CONTRIBUTOR
Feature
13 Jul 2017, 21:08 IST
Pakistan Net Session : News Photo
The fallen prodigy?

Pakistan cricket, after a very long time, has been in the news for all the right reasons. The Sarfraz Ahmed-led team - which was ranked eighth before the start of the Champions Trophy - went on to claim the title at the expense of arch-rivals India in the final.

During all the celebrations, the Pakistan Cricket Board (PCB) announced the list of 35 players included in the central contracts for the next year on Wednesday.

Few of the important developments which took place in the contract list is the promotion of pacer Mohammad Amir from category C to A, Wahab Riaz’s demotion from category B to C, and the inclusion of some new faces such as pacers Hasan Ali, leg-spinner Shadab Khan and opener Fakhar Zaman.

The list also features major notable absentees, which includes tall left-armer Mohammad Irfan, openers Sharjeel Khan, Khalid Latif for their involvement in the Pakistan Super League (PSL) spot-fixing scandal, and middle-order batsman Umar Akmal for apparently failing to maintain his fitness.

This is the first time Umar missed out on the board’s central contract since he made his debut for Pakistan back in 2009, which leads many to question as to what has exactly gone wrong with the man who was tipped as the next big thing when he arrived with a stunning century against Sri Lanka.

Umar’s career has the look of a roller-coaster ride, where he blossomed and failed time and again, which often led to heavy criticism.

However, it is pretty clear that this time around, the 27-year-old has forced the board’s hand, not with his poor display for the team, but with his laid-back attitude towards fitness and lack of discipline.

Extra cover: Umar Akmal claims that he gains weight even if he only drinks water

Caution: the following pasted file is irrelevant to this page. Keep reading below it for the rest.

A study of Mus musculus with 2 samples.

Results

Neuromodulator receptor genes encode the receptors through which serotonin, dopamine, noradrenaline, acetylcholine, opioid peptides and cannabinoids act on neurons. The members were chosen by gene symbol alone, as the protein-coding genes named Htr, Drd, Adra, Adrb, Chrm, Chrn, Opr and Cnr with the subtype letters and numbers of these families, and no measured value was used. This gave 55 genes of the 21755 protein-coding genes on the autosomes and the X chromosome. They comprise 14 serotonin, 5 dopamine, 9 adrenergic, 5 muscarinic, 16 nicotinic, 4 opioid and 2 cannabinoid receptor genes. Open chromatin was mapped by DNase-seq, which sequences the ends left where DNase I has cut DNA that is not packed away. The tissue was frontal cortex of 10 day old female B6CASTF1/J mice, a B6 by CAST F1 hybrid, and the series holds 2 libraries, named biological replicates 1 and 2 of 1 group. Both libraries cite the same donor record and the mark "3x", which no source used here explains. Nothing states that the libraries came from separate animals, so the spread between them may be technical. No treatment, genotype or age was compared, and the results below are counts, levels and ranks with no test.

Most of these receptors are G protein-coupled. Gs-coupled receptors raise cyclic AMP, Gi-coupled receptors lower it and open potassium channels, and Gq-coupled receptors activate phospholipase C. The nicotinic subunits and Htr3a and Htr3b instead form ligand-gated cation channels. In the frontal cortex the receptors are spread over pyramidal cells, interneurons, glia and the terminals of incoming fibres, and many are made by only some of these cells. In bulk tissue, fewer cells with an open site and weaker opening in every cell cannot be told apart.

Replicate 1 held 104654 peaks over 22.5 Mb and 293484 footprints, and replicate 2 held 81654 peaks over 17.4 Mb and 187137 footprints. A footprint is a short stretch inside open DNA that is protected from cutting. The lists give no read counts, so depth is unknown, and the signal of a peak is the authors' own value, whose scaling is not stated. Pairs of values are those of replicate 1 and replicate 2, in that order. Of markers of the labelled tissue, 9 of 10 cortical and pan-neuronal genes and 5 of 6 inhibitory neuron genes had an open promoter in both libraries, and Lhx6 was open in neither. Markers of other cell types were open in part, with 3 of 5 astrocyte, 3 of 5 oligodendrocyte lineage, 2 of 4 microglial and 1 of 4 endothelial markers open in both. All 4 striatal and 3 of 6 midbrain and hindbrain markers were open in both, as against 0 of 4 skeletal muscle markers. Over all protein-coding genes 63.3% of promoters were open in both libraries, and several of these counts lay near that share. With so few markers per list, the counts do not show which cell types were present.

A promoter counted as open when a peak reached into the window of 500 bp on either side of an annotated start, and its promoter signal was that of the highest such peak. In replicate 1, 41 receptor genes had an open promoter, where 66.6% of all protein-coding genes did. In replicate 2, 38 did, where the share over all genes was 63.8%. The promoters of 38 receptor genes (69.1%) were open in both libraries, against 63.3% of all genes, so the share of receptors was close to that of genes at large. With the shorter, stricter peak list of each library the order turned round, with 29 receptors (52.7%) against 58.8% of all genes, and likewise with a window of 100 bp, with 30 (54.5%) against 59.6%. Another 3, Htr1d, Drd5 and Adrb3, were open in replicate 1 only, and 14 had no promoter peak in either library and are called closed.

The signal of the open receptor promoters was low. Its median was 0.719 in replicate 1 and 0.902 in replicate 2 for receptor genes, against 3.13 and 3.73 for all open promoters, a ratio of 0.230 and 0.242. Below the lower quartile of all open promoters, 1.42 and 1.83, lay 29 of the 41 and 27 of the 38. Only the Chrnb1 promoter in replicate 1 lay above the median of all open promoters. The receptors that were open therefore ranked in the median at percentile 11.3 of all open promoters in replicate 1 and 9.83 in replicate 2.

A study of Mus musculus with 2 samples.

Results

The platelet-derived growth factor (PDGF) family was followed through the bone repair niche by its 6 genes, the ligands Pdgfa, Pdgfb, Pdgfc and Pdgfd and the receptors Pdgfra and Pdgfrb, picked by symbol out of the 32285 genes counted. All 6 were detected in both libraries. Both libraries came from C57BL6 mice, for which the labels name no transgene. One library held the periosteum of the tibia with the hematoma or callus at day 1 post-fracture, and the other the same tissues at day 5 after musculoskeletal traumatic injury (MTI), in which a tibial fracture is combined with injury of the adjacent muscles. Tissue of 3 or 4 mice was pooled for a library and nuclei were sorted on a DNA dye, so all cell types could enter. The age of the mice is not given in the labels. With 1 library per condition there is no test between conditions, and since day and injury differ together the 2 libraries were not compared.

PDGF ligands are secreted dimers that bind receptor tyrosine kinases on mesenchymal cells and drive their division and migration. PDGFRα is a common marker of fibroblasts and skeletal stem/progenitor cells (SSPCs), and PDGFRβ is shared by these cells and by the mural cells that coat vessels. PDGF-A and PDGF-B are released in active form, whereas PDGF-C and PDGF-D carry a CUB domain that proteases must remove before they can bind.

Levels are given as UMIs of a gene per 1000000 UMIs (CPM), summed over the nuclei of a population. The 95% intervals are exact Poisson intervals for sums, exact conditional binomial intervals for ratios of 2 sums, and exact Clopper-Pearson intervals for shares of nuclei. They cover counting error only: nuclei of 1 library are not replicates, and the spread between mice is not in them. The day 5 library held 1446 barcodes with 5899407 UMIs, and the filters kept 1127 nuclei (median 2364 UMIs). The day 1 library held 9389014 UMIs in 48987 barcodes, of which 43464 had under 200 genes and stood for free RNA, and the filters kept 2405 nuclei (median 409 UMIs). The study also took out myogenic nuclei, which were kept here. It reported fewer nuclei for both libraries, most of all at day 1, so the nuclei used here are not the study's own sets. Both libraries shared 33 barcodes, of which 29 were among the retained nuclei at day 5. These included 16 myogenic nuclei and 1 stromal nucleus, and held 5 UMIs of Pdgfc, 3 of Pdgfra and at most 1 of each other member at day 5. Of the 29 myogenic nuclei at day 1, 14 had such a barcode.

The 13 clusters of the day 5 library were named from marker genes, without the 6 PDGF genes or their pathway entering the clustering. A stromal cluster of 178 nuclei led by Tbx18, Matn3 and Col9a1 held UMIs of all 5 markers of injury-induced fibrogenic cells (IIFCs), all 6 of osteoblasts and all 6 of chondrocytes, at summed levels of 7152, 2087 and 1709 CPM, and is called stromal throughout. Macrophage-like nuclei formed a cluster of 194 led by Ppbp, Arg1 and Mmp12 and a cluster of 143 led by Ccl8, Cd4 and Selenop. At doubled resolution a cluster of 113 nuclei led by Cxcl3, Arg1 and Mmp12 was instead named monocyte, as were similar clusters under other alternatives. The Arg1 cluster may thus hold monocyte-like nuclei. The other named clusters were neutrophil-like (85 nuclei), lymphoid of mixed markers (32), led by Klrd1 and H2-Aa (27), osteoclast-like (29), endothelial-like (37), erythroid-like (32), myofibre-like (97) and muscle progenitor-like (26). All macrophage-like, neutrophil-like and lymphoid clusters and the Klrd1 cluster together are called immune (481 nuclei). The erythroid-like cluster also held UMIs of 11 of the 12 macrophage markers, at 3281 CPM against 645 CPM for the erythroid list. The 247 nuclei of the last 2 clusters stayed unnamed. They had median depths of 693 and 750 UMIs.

Ever since a new combination of Mickey Arthur as coach and former captain Inzamam-ul-Haq as chief selector was formed after the team’s dismal performance in the World T20 2016, the duo made it clear time and again that fitness is pivotal for selection in the team.


But Umar seemed to miss the bus, not once, but over and over again. He kept gaining weight and clearly become out of shape in the past year or so, and with that it also seems that his knowledge of the game becomes weaker, not only in the international cricket but also in the domestic circuit.

The hunger you want to see in an international cricketer representing his nation at the top level is invisible in the Lahore-born batsman, which is clearly the cause of frustration for the team management and selection committee.

He was dropped on fitness grounds first from the West Indies tour and then from the Champions Trophy squad, but that was not only the issue which led to his dismissal from the squad.

Australia v Pakistan - ODI Game 1 : News Photo
A lot of talent but no heart

Umar’s numbers over the years also prove that he is not the man the board thought he was; he averages just 27.12 in his last 38 innings in the ODI format, with a strike rate of just over 87. Prior to that, Umar’s average in 27 innings was 40.5, which is quite acceptable for the middle-order batsman.

During that time, the right-handed batsman kept complaining about his batting number and how he wanted to bat at number four, but even at that position his average is a mere 14, with a highest score of just 21.

After the World T20I exit in 2016, Pakistan’s ex-coach and former pacer Waqar Younis famously criticised Umar with these words, “People will have to take a hard look at themselves. Those who were shouting about not getting to bat in the position they want, this was their perfect opportunity. You can cry all you want, you can talk all you want, we are just not good enough.”

Perhaps he was a bit too harsh, or he was just disappointed in general, but it is a fact that Umar’s progress is a shadow of what he promised eight years back.

It seems Umar has been around forever, but even then he is still only 27, which means all is not lost.

However, as the clock ticks, it is evident that Umar’s competition in every position in the middle-order is increasing day by day, and rest assured the board are already planning on life beyond him if he won’t sort out his problems in the near future.